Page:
Paternalism

Justification of central or professional power.

There will in any state be those who have a better insight into the needs of society than do ordinary people, and this insight should be employed to shape and implement government policy for the mass of the population.

Source:
David Miller et al., eds, The Blackwell Encyclopaedia of Political Thought (Oxford, 1987)

Types

Soft paternalism is the view that paternalism is justified only if an action to be committed is involuntary. John Stuart Mill gives the example of a person about to walk across a damaged bridge. We can’t tell the person the bridge is damaged as he doesn’t speak our language. According to soft paternalism, we would be justified in forcing him to not cross the bridge so we could find out whether he knows about the damage. If he knows and wants to jump off the bridge and commit suicide then we should allow him to. Hard paternalists say that at least sometimes we are entitled to prevent him from crossing the bridge and committing suicide.[3][clarification needed]Soft and hard

Pure and impure

Pure paternalism is paternalism where the person(s) having their liberty or autonomy taken away are those being protected. Impure paternalism occurs when the class of people whose liberty or autonomy is violated by some measure is wider than the group of persons thereby protected.[3]

Moral and welfare

Moral paternalism is where paternalism is justified to promote the moral well being of a person(s) even if their welfare wouldn’t improve. For example, it could be argued that someone should be prevented from prostitution even if they make a decent living off it and their health is protected. A moral paternalist would argue that it is ethical considering they believe prostitution to be morally corrupting.[3]

Criteria for effective paternalism

Thomas Pogge argues that there are a number of criteria for paternalism.[6]

  • The concept should work within human flourishing. Generally accepted items such as nutrition, clothing, shelter, certain basic freedoms may be acceptable by a range of religious and social backgrounds.
  • The criteria should be minimally intrusive.
  • The requirements of the criteria should not be understood as exhaustive; leaving societies the ability to modify the criteria based on their own needs.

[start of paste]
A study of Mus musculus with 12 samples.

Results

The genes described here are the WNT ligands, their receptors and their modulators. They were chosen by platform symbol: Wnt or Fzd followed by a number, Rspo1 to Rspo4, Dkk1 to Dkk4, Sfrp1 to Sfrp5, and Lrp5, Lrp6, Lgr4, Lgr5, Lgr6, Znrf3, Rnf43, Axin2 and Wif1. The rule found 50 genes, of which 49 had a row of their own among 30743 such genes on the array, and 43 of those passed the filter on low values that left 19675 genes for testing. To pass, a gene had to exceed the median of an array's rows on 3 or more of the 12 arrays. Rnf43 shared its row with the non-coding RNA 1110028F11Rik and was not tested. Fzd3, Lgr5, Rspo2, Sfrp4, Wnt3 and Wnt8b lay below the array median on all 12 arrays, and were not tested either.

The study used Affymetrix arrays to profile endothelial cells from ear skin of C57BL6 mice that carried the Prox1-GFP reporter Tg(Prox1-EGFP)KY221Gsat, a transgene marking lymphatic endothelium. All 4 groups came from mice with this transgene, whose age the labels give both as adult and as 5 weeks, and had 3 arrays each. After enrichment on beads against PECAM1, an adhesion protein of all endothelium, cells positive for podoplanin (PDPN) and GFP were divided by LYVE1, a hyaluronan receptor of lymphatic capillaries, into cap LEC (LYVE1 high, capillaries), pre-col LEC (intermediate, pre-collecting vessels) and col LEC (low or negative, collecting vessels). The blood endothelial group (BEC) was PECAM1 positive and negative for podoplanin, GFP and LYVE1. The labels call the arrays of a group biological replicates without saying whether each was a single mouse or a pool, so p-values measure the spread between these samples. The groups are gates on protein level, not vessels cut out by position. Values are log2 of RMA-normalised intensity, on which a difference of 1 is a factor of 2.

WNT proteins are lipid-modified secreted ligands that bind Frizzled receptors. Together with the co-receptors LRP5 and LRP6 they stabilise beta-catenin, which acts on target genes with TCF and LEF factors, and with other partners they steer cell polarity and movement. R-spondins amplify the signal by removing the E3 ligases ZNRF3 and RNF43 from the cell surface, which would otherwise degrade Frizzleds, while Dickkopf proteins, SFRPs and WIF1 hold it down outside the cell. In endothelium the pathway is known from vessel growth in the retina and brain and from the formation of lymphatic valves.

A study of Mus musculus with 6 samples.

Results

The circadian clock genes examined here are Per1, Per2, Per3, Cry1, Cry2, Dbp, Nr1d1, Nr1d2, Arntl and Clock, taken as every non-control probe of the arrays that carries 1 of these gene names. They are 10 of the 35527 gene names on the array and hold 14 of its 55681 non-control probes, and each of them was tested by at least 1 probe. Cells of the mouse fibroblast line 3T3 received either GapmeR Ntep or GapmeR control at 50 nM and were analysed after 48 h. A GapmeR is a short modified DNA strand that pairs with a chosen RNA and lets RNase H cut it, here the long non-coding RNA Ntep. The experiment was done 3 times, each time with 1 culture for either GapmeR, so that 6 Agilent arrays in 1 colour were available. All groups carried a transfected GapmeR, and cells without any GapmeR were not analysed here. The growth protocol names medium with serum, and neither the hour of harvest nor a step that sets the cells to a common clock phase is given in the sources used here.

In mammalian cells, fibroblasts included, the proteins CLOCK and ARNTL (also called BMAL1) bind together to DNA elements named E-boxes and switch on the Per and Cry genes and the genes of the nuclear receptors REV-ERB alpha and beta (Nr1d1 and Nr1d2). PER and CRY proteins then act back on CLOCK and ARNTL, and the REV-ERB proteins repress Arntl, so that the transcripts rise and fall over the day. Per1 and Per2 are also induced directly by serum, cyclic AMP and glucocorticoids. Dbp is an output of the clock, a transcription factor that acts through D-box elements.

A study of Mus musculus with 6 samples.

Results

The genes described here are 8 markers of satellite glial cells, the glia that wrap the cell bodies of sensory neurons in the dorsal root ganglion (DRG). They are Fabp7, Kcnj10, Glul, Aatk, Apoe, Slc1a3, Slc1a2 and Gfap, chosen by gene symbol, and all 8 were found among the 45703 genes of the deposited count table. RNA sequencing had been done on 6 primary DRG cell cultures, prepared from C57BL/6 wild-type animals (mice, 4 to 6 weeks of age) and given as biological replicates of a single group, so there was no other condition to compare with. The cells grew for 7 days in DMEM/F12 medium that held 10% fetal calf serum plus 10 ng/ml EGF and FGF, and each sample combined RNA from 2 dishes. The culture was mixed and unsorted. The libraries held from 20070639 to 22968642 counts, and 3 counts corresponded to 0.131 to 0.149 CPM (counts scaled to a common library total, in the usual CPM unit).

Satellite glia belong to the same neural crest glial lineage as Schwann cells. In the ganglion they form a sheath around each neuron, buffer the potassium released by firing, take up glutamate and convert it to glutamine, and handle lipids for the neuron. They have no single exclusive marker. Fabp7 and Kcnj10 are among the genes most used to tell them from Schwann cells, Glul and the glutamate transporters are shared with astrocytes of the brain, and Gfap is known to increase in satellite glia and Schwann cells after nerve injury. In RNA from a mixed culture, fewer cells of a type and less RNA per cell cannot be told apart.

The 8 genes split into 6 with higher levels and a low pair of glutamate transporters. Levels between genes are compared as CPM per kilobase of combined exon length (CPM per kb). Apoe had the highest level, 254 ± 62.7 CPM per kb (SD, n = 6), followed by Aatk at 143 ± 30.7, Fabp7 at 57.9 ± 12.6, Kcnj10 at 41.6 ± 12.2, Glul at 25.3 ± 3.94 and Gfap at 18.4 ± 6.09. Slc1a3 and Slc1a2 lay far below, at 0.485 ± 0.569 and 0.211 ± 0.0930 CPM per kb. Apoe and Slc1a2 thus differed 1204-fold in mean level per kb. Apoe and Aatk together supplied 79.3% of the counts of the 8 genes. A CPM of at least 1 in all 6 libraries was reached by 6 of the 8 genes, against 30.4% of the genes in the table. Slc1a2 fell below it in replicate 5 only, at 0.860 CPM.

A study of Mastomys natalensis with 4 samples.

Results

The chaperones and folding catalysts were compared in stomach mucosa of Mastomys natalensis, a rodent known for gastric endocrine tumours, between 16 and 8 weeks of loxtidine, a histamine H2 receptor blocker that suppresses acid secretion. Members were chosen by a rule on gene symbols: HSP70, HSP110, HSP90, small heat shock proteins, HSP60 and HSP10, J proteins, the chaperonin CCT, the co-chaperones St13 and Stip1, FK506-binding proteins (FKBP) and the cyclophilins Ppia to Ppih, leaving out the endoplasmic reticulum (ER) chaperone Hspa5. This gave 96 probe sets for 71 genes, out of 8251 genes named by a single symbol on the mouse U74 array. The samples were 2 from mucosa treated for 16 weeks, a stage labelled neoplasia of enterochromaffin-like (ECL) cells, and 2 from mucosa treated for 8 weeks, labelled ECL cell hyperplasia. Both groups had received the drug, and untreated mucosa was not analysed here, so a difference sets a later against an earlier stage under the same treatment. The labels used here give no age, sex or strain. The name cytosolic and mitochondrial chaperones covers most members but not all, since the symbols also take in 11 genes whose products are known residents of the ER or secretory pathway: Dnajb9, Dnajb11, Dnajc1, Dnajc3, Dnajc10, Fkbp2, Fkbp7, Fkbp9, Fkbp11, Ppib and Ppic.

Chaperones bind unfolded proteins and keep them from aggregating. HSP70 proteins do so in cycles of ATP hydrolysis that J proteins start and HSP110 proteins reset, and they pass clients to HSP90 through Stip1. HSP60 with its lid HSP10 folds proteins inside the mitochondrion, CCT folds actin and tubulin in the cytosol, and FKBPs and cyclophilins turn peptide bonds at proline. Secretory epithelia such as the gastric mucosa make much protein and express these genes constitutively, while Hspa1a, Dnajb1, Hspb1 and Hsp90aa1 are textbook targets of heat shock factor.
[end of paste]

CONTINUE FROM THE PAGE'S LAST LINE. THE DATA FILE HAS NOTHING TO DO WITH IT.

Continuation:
• The supplementary considerations introduced by such more ambitious criteria of justice must not be allowed to outweigh the modest considerations.[further explanation needed]

Opponents

In his Two Treatises of Government, John Locke argues (against Robert Filmer) that political and paternal power are not the same.

John Stuart Mill opposes state paternalism on the grounds that individuals know their own good better than the state does, that the moral equality of persons demands respect for others’ liberty, and that paternalism disrupts the development of an independent character. In On Liberty, he writes:

[T]he only purpose for which power can be rightfully exercised over any member of a civilized community, against his will, is to prevent harm to others. His own good, either physical or moral, is not a sufficient warrant. He cannot rightfully be compelled to do or forbear because it will be better for him to do so, because it will make him happier, because, in the opinion of others, to do so would be wise, or even right.[4]:14

Contemporary opponents of paternalism often appeal to the ideal of personal autonomy.

In society

  • In the Southern United States before the Civil War, paternalism was a concept used to justify the legitimacy of slavery. Women would present themselves as mothers for the slaves, or protectors that provided benefits the slaves would not get on their own. Plantation mistresses would attempt to civilize their workers by providing food, shelter, and affection. These women would justify that the conditions for freed blacks were poorer than those who were under the mistresses’ protection. Paternalism was used as an argument against the emancipation of slavery due to these mistresses providing better living conditions than the enslaved’s counterpart in the factory-based north.[7] As a result of this conclusion, the whites would often manage basic rights of the enslaved such as child rearing and property.[8]
  • Paternalism was also used against women’s suffrage, with opponents of women’s suffrage saying that granting women the right to vote would make their lives harder and separate them from their families.